Adrian James AJ Croce (born September 28, 1971) is an American singer-songwriter. He is the son of Ingrid Croce and Jim Croce.
Croce was born in Bryn Mawr, Pennsylvania, on September 28, 1971. His father died in a plane crash eight days before the boy’s second birthday, and he and his newly widowed mother had to move to San Diego, almost 3,000 miles from his native city, with the rest of his family. Two years later, he was temporarily blinded as a result of serious physical abuse at the hands of his mother’s boyfriend. When he was 15 the house in which he had lived for most of his life burned down.
Is AJ Croce blind now?
A.J. Croce went blind in 1974 as a result, he says, of abuse from his mother’s then-boyfriend. A.J. was hospitalized for an extended period. He eventually regained the vision in his left eye.
A.J. Croce has experienced the transformative power of music for much of his life, be it as a vehicle for celebration and contemplation, transcendent love and profound loss, and many points in between.
With his 10th and newest album, the cathartic “By Request,” music provides a life-affirming way for him to grieve losing his wife of 24 years, Marlo, who died suddenly in 2018 from a rare and sudden heart virus.
But Croce does not achieve that catharsis with his own songs. Instead, he turns to funk, rock, blues, soul, pop and country favorites by a dozen distinctly different artists, including Neil Young (“Only Love Can Break Your Heart”); Sam Cooke (“Nothing Can Change This Love”); the Five Stairsteps, (“O-o-h Child”); Randy Newman (“Have You Seen My Baby?”); and the Beach Boys (“Sail On Sailor”).
Those song titles alone tell a touching story about love and loss. Croce’s interpretations strike a deft balance that enables him to sound reverent while adding his own musical stamp. Of critical importance, these songs proved as welcoming to him as a performer channeling his emotions as they will to “By Request’s” listeners.
“I felt this album was a perfect bridge between the loss of my wife — she was my best friend — and the next album I do, which will be very personal,” Croce said by phone from East Nashville, where he and Marlo moved in 2015.
Did AJ Croce have a brain tumor?
At age three, Adrian James Croce suffered from a brain tumor which caused blindness. Several years later, partial sight inexplicably returned in one of his eyes.
Living in a single parent household after a plane crash near Natchitoches, Louisianna in September 1973 claimed his father’s life (the legendary Jim Croce, known for hits such as “Bad, Bad Leroy Brown”), A.J. taught himself to play piano. At the age of six, he wrote songs and caressed piano keys eight to ten hours a day.
“I sat down and I played and I thought that Ray Charles was the easiest to learn,” said A.J. “As a little kid I’d play Ray Charles’ stuff and then the harder stuff, and the blues scale, and that did it for me. It didn’t take a lot to make it feel soulful and right. I didn’t know the names of the scale…F Major, F Diminished, and down the keyboard. It was a little bit at a time.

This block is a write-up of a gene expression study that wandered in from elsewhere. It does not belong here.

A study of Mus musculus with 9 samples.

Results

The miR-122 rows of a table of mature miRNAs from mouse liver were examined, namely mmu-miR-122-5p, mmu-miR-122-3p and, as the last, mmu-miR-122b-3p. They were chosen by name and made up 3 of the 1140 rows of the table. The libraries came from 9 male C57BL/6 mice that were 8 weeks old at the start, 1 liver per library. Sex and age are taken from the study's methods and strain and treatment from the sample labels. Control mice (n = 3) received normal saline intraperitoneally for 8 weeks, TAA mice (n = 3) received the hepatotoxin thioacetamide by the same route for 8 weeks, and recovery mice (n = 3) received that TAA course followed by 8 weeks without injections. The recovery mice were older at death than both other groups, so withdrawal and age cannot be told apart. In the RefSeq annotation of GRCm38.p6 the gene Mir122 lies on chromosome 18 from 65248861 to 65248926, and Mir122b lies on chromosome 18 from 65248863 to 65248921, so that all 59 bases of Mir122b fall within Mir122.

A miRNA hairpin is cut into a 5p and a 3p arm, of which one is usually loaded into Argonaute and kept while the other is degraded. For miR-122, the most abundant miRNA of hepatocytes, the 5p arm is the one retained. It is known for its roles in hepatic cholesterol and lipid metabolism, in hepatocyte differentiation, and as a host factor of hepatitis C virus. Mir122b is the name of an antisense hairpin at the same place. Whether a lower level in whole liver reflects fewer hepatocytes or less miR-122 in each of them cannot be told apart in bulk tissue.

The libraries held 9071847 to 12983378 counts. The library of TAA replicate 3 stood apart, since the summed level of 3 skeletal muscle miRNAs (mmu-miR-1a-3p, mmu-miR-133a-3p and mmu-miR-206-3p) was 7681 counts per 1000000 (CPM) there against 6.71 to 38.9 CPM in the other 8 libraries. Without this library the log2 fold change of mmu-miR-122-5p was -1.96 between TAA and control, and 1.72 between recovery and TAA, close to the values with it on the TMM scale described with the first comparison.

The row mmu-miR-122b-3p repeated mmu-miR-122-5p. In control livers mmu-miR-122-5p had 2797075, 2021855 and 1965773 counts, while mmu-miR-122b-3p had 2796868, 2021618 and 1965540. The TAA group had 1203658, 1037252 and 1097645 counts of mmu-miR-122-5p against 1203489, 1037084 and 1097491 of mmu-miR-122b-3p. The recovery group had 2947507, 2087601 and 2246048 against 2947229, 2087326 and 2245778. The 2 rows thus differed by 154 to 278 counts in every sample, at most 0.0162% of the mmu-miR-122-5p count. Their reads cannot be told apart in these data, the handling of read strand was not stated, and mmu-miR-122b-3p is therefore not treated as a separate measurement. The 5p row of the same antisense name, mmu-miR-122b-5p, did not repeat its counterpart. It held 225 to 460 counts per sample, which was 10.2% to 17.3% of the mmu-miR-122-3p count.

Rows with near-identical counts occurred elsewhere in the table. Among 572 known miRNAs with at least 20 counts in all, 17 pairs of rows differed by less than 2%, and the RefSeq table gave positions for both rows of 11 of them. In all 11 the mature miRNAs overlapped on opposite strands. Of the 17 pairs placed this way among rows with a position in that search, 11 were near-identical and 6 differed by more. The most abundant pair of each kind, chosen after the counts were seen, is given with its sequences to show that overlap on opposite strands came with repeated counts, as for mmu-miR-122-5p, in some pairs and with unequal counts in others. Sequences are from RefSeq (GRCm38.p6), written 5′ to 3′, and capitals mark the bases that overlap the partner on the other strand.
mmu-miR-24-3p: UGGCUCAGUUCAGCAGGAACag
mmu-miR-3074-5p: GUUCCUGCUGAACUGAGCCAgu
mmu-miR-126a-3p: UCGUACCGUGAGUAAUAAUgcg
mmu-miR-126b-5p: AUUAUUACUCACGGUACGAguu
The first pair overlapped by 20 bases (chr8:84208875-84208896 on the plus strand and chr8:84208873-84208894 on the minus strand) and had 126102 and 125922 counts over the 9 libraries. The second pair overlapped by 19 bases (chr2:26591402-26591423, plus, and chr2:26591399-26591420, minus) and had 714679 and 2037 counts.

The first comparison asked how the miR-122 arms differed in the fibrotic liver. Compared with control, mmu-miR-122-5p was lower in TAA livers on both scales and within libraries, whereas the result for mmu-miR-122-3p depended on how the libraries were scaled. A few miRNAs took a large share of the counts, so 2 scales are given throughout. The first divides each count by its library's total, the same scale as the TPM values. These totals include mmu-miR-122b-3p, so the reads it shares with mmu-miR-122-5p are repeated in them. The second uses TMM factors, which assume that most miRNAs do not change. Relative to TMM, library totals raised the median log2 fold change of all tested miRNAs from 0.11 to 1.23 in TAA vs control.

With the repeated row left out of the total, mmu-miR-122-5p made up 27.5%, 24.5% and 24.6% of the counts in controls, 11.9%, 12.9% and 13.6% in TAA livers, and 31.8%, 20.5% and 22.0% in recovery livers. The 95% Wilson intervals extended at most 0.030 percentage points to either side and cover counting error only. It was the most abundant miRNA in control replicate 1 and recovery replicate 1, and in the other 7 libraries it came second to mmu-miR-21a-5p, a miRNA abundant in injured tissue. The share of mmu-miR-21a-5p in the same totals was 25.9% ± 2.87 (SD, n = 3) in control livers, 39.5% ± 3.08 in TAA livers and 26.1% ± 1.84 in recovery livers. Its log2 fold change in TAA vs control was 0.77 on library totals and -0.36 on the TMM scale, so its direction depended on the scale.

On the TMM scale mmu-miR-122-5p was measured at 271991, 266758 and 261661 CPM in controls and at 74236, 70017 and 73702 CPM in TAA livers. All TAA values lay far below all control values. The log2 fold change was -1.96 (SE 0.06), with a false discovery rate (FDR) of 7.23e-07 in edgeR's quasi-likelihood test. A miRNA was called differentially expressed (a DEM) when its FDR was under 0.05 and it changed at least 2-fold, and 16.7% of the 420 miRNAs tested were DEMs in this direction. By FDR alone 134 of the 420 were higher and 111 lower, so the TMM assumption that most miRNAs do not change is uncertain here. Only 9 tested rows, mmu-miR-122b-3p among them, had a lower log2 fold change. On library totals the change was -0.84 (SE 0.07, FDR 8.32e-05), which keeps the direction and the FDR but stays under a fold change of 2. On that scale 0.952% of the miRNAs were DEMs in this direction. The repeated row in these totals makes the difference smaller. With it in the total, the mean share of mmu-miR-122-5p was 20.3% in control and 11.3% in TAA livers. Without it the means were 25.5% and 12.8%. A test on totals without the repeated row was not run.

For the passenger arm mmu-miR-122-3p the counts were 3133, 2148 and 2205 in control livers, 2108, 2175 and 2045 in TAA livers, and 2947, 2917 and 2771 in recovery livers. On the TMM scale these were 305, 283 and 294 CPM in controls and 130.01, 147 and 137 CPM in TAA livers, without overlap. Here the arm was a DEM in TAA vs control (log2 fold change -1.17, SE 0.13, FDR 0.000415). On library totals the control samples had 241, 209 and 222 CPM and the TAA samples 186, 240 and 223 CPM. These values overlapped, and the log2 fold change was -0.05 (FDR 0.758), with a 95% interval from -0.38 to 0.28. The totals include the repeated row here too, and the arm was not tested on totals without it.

“I sang a lot and I was practicing, and, as a teenager, I was working on things like trying to get the left hand solid without thinking about playing with the right hand. The left hand stuff was demanding, making sure the left hand was completely solid, and that the left hand knew it and forgot it, before the right hand came along.”
A.J. Croce on reconnecting with his father, Jim Croce
The singer’s life reads like a blues song, a catalog of loss. A.J. Croce lost his father before he turned two, his sight when he was four, and, later, his home to fire and his wife to a rare heart condition. “Man, it’s been, it’s been a wild ride, I’ll tell you,” he said.
“When we lose someone we love, whether it was my father, my wife, my sight, we can decide how we want to bring it into our life. Do we want to dwell on it? Do we want to find the best part of that person, that experience, and keep it with us?”
It’s a question he’s wrestled with for decades. Now, at 50, he has an answer he’s sharing on stages across the country, playing songs that sound as familiar as the name: Croce, as in Jim Croce, the early 1970s singer/songwriter/balladeer whose string of hits included “Photographs and Memories,” “I Have to Say I Love You In a Song,” and “Bad, Bad Leroy Brown”:
Nowhere more powerful than at a farmhouse outside Philadelphia, where A.J. lived with his parents as his father’s career was taking off – where album covers were inspired by farm buildings. Showing Axelrod the structure that was featured on “You Don’t Mess Around With Jim,” A.J. said, “It was originally used for pigs. And then it was for chickens!”
The farmhouse was where Jim Croce wrote his biggest hits: “You Don’t Mess Around With Jim,” “New York’s Not My Home,” “Operator,” “Bad, Bad Leroy Brown,” and “Rapid Roy (The Stock Car Boy).”
But the security his father’s success seemed to promise was also lost on that September night in 1973. A.J. said, “It was a very dark and violent period in my life, and it was very traumatic.”